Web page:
I read this Paul Graham essay quite a while ago; Maker’s Schedule, Manager’s Schedule, and I’ve been wanting to blog about it ever since. Recently, it was referred to me by others at least twice, so the time has come to add my 2 cents.

In his aptly titled essay, Paul says this about a manager’s schedule:

The manager’s schedule is for bosses. It’s embodied in the traditional appointment book, with each day cut into one hour intervals. You can block off several hours for a single task if you need to, but by default you change what you’re doing every hour.

Regarding the maker’s schedule, he writes:

But there’s another way of using time that’s common among people who make things, like programmers and writers. They generally prefer to use time in units of half a day at least. You can’t write or program well in units of an hour. That’s barely enough time to get started. When you’re operating on the maker’s schedule, meetings are a disaster.

When managers graduate from being a maker and morph into bozos (of which there are legions), they develop severe cases of ADHD and (incredibly,) they “forget” the implications of the maker-manager schedule difference. For these self-important dudes, it’s status and reporting meetings galore  so that they can “stay on top” of things and lead their teams to victory. While telling their people that they need to become more efficient and productive to stay competitive, they shite in their own beds by constantly interrupting the makers to monitor status and determine schedule compliance. The sad thing is that when the unreasonable schedules they pull out of their asses inevitably slip, the only technique they know how to employ to get back on track is the ratcheting up of pressure to “meet schedule”.  They’re bozos, so how can anyone expect anything different – like asking how they could personally help out or what obstacles they can help the makers overcome. Bummer.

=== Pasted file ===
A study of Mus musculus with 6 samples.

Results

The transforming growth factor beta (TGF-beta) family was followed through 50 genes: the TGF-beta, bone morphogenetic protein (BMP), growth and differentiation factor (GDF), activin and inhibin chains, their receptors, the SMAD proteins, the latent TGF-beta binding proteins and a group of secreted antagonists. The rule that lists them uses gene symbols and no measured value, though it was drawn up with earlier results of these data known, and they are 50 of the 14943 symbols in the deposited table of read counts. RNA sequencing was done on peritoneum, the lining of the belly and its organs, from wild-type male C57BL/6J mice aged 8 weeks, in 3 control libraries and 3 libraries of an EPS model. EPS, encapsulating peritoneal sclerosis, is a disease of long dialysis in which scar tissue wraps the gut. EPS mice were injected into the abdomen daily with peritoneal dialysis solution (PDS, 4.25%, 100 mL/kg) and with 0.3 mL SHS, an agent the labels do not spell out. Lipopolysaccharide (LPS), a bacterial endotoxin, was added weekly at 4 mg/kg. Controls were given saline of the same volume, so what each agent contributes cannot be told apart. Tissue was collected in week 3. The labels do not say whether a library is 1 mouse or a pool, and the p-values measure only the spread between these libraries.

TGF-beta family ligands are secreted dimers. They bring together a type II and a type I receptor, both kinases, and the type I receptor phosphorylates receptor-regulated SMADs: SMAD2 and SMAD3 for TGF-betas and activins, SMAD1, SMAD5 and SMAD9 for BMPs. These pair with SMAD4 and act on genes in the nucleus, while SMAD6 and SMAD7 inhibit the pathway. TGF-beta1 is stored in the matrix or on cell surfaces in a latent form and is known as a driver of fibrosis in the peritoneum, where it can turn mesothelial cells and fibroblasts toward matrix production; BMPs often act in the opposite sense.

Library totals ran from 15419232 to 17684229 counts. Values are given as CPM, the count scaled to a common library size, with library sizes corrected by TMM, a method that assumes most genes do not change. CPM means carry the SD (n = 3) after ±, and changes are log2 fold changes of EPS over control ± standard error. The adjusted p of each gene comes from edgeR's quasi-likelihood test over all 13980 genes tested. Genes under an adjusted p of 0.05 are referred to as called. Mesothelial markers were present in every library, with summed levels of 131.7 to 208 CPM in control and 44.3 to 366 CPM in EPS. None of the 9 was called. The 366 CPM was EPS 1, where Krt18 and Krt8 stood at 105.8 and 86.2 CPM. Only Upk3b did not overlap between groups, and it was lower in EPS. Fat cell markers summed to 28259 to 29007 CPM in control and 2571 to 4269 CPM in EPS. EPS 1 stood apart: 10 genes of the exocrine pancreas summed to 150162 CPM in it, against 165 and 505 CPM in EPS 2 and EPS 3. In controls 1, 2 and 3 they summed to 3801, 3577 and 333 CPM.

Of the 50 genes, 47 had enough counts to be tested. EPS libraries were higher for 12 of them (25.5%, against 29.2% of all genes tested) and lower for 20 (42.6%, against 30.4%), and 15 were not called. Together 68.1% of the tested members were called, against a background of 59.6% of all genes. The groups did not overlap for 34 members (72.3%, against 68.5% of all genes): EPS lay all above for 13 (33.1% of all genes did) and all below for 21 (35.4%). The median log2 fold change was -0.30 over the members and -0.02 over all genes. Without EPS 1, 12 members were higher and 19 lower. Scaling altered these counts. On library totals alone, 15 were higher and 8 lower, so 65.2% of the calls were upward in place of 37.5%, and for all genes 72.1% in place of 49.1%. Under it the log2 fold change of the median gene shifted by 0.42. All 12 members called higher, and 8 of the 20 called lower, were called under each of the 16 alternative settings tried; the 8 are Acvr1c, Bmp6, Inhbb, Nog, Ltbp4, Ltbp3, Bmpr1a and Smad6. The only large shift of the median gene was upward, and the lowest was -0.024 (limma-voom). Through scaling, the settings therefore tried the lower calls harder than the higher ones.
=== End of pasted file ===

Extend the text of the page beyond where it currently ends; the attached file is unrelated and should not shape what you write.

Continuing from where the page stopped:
1. Ray
    January 16, 2010 at 8:02 pm

    Good managers (I have worked for several) will shield the “DICs” from the high level bullets. Which means sometimes going to meetings without technical support and having to say “I don’t know. I will get back to you with an answer.” Then going back and asking his question to the right people and getting the answer out. This allows the best use of everybody’s time. Its the initial saying “you don’t know” that is the hardest but it keeps your people working on the project/product rather than being at a hour meeting for 5 minutes of contribution.

    • January 16, 2010 at 9:17 pm

      You’ve worked for several? Dude, lucky you.

      I think you’re right on with the “I don’t know” idea – when one really doesn’t know. Depending on the cultural environment that one is enveloped in and how high up on the ladder one is, it may be extremely difficult to say it when it’s true. It’s tough enough to admit even in healthy environments because of the almost-universal ego driven desire (especially in materialistic western nations) to look smart in front of others. I know this because I’ve failed at it many times in both hostile and nurturing environments. When I can do it consistently in both types of surroundings, I’ll know that “I’ve arrived”. Sadly, I can’t see that happening anytime soon. Bummer.